At Yashoda hospital, our specialists offer unmatched respiratory and pulmonary services, from diagnosis through treatment. We’re one of the few hospitals in the area using two advanced technologies – endobronchial ultrasound (EBUS), pleural aspiration, and bronchoscopy cryotherapy – for earlier detection of lung disease and lung cancer.
With access to the advanced and latest diagnostic equipment available, our specially trained team can diagnose some of the most complex pulmonary disorders.
A pleural aspiration is a procedure where the surgeon inserts a small needle or tube into the space between the lung and chest wall to extricate fluid that has accumulated around the lung. This space between the lung and chest wall is called the pleural space.
During pleural aspiration, the doctor usually tries to determine why there is fluid around the lung (diagnostic procedure) or to improve symptoms (therapeutic procedure). Coughs, shortness of breath, or chest pain are the symptoms of fluid around the lung.
What is the Procedure for a Pleural Aspiration?
The doctor will perform pleural aspiration while you are sitting upright on the side of a bed and leaning forward. Local anaesthesia will be applied to the skin of your chest. The doctor will make a small cut on the skin, and a needle or thin plastic tube will be inserted into the space between your lung and chest wall to remove the fluid. To find the largest area of fluid located, the doctor will use an ultrasound to see the inside of your chest on a screen.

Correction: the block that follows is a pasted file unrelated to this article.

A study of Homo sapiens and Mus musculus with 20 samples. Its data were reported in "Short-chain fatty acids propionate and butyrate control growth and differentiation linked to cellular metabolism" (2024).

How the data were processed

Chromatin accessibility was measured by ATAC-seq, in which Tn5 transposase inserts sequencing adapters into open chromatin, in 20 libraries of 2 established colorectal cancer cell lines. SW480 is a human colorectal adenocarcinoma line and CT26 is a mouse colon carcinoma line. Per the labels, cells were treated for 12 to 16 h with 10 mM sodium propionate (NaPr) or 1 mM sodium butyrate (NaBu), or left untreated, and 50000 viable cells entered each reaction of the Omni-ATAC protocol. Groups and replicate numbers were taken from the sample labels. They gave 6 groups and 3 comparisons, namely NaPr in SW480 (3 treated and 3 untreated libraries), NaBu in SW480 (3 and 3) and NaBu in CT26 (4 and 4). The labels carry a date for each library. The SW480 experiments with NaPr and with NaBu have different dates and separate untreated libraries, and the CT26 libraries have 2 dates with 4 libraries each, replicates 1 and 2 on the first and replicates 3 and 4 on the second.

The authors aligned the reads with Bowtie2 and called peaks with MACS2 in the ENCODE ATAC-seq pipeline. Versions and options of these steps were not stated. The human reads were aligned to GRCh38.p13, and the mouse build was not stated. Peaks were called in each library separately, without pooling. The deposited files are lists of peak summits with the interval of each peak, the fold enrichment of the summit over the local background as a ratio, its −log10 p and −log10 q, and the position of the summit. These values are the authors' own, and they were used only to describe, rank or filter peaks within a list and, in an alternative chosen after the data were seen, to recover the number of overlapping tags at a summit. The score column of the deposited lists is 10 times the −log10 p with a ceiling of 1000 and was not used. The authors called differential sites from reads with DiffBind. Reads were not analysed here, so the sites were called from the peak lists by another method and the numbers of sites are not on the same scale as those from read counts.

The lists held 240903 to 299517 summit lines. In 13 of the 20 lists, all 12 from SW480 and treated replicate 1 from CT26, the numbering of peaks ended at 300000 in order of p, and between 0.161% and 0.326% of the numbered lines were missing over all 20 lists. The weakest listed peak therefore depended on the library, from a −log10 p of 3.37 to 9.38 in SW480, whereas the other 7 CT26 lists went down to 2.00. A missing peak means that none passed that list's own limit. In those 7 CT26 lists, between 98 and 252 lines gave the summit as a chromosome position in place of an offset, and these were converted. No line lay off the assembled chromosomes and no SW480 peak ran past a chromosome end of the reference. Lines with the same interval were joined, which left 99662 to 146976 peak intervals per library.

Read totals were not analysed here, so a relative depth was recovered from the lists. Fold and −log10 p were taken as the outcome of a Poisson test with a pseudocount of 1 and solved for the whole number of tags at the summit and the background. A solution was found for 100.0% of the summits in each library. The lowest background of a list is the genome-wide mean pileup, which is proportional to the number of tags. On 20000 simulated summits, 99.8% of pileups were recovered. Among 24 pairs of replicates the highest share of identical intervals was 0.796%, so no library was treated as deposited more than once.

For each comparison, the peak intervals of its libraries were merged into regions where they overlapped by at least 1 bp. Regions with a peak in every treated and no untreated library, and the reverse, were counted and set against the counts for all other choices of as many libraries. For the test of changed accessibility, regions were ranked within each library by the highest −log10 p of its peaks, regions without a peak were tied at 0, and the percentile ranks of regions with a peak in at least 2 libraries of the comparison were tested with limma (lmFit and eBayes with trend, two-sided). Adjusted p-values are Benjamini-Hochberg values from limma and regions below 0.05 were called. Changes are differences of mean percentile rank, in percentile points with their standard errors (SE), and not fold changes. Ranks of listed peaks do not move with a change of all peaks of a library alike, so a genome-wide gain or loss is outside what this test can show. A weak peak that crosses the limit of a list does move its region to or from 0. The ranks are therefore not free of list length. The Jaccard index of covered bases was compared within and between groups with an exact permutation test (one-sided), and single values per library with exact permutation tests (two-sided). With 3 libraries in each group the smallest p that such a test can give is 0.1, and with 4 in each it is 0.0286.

The area is usually at the back of your chest or to the side, and hence, the doctor stands behind you while doing the procedure. The doctor may ask you to hold the breath while carrying out the procedure. A tube is left attached to the place where the fluid is being removed. Thereafter, the small opening in the skin is covered with a dressing.
The doctor may ask you to undergo a chest X-ray in 2-4 hours after the procedure to check for any complications.
What are the Benefits of a Pleural Aspiration?
Pleural Aspiration is usually conducted to remove a sample of the fluid so that it could be sent to a pathologist to determine why it has accumulated.
A pleural aspiration will remove the fluid, and hence, this can make you feel more comfortable, as the fluid around your lung may be causing symptoms including cough, shortness of breath, or chest pain.
What are the Risks of a Pleural Aspiration?
After the procedure, you could have serious complications such as pneumothorax- major bleeding from a large artery or vein in the chest, or fluid accumulation in the lung. You will have to stay at the hospital after the procedure for continuous monitoring. If, after you are released, you see the following symptoms, consult a doctor immediately.
The total time taken for the pleural aspiration varies depending on how much fluid needs to be removed. This procedure may take an hour to several hours. You may also have to stay in the hospital for monitoring. An X-ray will also be performed to check for pneumothorax.